Tim Anderson was the 17th overall selection in the 2013 amateur draft and is the top rated position player prospect in the Chicago White Sox organization.
It’s no secret that baring any kind of incredible drop in production, he will be the team’s starting shortstop next season, maybe even later this season.
In 2014, Anderson hit .301/.327/.481 with nine home runs and 10 stolen bases in 83 games between rookie ball, Winston-Salem (A Adv) and Birmingham (AA) before a wrist injury cut his season short.
His only flaw seemed to be on defense where he committed 34 errors which is extreme considering how many games he didn’t play because of injury.
He has also been better defensively as he committed just three errors in April.
Anderson is not a guy who will regularly showcase power (zero HR this season), but his speed makes him an extra-base hit threat every time in the box. Check out how quick he got to third on this triple in a game earlier this season.
As the White Sox major league team continues to struggle, it may be worth keeping an eye on Anderson’s progress. If they are sellers at the trade deadline this season, Alexei Ramirez and his expiring contract is sure to be at the top of the movable assets list.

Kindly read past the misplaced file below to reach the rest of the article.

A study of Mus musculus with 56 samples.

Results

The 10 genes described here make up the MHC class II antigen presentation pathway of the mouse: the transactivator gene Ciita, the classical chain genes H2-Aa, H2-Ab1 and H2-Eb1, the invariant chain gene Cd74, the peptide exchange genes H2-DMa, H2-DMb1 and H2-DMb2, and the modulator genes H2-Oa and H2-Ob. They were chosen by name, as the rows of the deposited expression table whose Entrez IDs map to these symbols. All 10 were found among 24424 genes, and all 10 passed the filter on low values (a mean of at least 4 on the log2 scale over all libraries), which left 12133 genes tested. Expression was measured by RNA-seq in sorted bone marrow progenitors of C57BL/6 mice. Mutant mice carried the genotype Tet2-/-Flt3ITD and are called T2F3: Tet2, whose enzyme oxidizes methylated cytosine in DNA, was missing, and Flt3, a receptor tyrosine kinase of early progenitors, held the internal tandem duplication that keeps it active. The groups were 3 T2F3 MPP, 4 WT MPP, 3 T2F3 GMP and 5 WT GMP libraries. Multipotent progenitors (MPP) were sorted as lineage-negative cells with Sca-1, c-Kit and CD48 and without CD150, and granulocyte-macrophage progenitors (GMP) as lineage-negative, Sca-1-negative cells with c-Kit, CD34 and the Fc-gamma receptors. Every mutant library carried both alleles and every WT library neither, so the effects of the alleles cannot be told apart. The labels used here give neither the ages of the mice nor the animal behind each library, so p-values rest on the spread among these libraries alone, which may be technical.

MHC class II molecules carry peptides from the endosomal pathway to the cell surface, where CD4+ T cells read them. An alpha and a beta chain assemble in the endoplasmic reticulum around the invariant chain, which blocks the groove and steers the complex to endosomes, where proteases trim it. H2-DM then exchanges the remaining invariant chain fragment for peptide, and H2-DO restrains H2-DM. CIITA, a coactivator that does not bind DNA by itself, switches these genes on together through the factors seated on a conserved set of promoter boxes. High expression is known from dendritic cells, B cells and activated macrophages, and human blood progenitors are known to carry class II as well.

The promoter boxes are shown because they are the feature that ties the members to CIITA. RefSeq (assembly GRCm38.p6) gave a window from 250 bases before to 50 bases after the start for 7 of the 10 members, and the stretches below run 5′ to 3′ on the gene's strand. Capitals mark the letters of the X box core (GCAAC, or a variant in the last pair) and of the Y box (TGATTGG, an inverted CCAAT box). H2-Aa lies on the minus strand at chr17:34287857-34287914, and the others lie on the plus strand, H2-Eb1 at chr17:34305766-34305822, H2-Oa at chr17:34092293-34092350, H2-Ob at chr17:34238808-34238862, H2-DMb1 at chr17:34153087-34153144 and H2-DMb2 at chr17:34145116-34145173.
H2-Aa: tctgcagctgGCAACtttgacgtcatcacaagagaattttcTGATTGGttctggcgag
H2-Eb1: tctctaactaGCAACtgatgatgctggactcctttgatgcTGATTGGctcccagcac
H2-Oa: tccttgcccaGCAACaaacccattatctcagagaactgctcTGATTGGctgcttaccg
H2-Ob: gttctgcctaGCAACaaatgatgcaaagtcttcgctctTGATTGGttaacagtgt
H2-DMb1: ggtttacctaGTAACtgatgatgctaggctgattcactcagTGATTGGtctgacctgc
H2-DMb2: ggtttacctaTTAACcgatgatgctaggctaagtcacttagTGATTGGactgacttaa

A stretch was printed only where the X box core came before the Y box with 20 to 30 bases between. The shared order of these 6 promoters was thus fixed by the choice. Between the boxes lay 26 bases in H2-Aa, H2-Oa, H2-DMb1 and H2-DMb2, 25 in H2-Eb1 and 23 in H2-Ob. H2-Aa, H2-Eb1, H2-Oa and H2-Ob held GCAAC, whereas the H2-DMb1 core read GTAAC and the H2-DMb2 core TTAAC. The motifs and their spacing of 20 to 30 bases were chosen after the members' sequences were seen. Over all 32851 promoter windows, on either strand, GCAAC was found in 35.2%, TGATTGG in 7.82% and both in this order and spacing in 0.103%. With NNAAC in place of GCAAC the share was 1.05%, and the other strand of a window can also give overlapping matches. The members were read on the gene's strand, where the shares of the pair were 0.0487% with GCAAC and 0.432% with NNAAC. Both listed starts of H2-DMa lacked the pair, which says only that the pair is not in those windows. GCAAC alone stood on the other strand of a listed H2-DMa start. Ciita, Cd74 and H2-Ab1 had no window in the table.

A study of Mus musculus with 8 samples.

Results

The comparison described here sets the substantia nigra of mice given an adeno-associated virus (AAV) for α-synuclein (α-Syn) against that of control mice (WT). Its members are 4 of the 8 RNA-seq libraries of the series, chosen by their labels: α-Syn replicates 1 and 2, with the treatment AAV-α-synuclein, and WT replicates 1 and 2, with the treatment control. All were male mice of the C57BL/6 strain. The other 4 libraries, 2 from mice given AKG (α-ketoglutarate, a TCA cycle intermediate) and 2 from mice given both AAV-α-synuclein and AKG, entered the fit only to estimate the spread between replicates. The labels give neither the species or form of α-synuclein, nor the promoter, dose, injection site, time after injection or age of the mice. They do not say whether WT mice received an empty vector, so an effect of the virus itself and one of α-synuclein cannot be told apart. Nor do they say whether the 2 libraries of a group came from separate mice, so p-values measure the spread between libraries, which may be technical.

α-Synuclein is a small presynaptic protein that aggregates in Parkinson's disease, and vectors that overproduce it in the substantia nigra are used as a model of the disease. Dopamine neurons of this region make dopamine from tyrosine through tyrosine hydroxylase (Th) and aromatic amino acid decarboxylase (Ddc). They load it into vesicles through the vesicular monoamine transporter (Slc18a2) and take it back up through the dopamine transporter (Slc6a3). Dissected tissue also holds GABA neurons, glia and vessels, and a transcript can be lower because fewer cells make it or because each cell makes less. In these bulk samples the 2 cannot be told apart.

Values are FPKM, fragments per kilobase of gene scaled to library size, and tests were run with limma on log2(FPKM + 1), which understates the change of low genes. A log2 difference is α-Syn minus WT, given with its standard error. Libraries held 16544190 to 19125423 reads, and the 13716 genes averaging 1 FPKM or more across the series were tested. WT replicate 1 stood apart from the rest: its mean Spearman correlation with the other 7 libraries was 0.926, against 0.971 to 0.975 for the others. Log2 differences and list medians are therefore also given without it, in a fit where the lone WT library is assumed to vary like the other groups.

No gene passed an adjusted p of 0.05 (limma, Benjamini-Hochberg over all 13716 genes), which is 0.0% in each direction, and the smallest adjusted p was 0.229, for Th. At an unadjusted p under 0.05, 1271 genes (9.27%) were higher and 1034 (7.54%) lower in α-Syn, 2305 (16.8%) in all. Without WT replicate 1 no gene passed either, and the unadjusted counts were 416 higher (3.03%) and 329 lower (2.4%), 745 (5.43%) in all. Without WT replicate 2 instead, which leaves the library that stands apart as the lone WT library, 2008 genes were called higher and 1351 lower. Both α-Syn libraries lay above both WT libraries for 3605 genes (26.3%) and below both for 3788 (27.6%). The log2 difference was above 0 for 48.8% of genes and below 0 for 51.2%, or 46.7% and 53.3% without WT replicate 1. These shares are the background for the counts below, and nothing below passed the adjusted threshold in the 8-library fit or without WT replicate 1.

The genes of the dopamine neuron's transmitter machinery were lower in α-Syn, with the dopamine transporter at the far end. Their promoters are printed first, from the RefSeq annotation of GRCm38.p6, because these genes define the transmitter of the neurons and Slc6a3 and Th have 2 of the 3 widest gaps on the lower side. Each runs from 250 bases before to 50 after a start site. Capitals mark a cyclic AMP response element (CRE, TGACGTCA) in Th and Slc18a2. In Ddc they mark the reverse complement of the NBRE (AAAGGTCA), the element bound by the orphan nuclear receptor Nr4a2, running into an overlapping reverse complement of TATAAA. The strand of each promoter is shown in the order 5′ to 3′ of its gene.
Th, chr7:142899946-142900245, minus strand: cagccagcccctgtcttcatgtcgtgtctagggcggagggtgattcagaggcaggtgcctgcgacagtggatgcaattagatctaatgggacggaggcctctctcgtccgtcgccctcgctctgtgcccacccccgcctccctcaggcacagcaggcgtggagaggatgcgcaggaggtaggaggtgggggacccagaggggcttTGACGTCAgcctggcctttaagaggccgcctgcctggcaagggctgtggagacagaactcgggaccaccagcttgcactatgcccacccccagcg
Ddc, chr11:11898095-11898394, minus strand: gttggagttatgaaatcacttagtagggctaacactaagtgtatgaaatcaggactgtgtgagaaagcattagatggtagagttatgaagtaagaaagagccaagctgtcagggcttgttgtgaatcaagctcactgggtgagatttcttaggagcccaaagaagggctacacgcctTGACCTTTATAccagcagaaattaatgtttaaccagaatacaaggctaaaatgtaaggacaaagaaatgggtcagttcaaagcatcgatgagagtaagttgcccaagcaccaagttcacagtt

A move of Ramirez opens the door immediately for the White Sox shortstop of the future.
May is an outfielder who can cover a lot of ground in the outfield and fits the bill in every way of the prototypical leadoff hitter. He can hit for average, draw a walk and when on base, is a legitimate threat to swipe a bag.
In 2014, May saw his average and home runs drop at Winston-Salem but increased his walk rate and stole a career-high 37 bases.
For the Birmingham Barons this season, he hits second behind Anderson and has flourished.
In the month, May hit .313/.345/.400 with seven RBIs, six stolen bases and seven runs scored. May also has two hits or more in eight of the 20 games he played in April.
Because of his lack of high end potential, May doesn’t get much conversation as one of the team’s top prospects. If he continues to play the way has started this season he is a player we are sure to hear more about as the year progresses.